House leaders turning to the right to pass spending bill

After a surprise setback, House GOP leaders were preparing new legislation to avert a government shutdown, hoping to attract additional Republican support by requiring deeper spending cuts to offset the cost of disaster aid.

House Republican leaders decided to pivot rightward Thursday, hoping to sweeten the deal for their conservative flank rather than reach across the aisle for Democratic votes.

The House was expected to vote late Thursday on the new package.

Democrats in the Senate swiftly vowed to reject the revamped bill, protesting the cuts to clean energy accounts they say produce green jobs. The new proposal cuts from the fund that provided a loan guarantee to Solyndra, the California solar panel manufacturer with White House ties that sparked a political firestorm after filing for bankruptcy, in addition to previously targeted cuts to an alternative energy technology manufacturing program.


Congress is racing the clock to resolve the standoff, as Federal Emergency Management Agency could run out of disaster money as soon as Monday and the new fiscal year begins Oct. 1.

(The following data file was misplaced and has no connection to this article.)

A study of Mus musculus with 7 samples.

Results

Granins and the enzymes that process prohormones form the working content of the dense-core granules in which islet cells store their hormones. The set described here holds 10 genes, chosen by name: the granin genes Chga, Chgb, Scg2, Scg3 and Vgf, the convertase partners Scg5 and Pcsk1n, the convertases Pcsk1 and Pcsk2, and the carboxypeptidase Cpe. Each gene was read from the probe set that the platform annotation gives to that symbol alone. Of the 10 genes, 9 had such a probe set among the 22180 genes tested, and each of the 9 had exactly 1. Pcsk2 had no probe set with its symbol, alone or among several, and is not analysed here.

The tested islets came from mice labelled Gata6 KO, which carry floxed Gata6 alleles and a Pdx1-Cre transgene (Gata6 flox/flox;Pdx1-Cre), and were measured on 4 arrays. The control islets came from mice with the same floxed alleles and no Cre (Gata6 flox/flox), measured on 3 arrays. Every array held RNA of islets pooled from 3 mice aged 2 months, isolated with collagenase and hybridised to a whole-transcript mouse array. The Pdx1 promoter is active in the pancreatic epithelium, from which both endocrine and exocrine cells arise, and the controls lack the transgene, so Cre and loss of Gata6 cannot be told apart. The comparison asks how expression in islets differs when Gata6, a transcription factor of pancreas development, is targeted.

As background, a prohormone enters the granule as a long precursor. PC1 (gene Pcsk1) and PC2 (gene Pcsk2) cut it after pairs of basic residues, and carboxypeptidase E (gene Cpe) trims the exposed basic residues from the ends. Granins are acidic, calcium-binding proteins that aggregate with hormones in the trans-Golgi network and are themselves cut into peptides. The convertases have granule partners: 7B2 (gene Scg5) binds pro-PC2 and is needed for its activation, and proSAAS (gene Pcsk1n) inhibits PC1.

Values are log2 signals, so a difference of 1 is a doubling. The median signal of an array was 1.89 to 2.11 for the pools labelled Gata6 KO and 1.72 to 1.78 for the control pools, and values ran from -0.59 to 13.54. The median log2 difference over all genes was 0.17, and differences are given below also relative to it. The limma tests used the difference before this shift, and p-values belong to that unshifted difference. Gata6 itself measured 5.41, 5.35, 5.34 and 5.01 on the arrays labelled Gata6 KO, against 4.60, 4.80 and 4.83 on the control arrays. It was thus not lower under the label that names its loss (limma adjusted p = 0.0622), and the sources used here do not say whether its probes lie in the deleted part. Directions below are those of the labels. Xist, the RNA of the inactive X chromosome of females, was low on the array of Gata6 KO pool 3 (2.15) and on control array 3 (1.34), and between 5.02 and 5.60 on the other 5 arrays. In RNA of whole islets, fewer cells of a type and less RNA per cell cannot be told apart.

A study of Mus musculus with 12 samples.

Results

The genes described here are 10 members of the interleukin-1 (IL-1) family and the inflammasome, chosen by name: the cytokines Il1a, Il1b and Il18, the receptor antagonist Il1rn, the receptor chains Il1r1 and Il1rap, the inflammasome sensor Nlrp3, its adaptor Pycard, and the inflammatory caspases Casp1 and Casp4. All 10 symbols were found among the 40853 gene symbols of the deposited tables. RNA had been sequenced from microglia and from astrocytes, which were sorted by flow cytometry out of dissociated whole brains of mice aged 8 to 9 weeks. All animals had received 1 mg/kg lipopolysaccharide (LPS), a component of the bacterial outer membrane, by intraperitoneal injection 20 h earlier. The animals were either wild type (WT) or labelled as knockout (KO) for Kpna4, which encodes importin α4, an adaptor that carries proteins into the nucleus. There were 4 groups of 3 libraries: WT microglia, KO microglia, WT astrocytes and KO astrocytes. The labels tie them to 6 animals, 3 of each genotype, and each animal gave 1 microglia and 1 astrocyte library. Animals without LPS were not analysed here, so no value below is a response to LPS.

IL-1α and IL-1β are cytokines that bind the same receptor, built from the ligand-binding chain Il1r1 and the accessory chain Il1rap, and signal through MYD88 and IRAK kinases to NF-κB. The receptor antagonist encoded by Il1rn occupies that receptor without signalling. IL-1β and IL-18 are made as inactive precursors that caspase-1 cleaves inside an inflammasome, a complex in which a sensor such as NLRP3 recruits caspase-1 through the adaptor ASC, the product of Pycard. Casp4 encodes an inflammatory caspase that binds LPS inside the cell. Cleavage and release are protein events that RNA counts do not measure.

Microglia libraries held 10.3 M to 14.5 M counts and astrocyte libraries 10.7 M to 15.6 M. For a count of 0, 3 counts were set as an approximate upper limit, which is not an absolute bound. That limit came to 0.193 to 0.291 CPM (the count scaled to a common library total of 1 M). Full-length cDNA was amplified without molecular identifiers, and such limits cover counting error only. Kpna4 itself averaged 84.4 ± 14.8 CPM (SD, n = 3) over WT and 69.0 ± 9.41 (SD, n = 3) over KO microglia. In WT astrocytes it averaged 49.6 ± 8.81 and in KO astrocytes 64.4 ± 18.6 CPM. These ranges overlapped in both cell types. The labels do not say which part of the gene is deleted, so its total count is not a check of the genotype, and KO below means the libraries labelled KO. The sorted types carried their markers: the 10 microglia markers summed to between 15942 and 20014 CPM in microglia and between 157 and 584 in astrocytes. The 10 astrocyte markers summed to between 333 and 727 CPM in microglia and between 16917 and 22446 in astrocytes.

“It’s wrong,” said Sen. Jeff Merkley (D-Ore.), about the emerging House GOP plan. “We’re not going to do it.”

GOP leaders had hoped to avoid a prolonged budget battle after this year’s earlier fights that left the country on the verge of a federal government shutdown and debt default.

The new Republican proposal came after GOP leaders were handed a surprise defeat this week. Dozens of Republicans and a handful of Democrats opposed their proposal to fund the government but require disaster aid to be offset with spending cuts elsewhere.


Conservative Republicans rejected the overall level of government spending as too high. Democrats objected to the requirement that aid for victims of Hurricane Irene and other disasters be offset with cuts elsewhere – particularly the green energy programs they support.

Republican leaders scrambled Thursday for votes, meeting behind closed doors to assess options. Democrats, too, huddled to plan their strategy.

Republicans had considered trying to win Democratic support by changing the spending cuts that would offset FEMA aid, or dropping the cuts altogether. But ultimately GOP leaders decided the better route was to pursue votes from their own party.

In addition to slashing $1.5 billion from an alternative energy vehicle manufacturing program, Republicans decided to cut $100 million from the Energy Department account that provided loan guarantees to renewable energy companies, including Solyndra.


House Speaker John A. Boehner made assurances Thursday that Congress would pass legislation to fund the government and disaster aid, and federal offices would not shut down.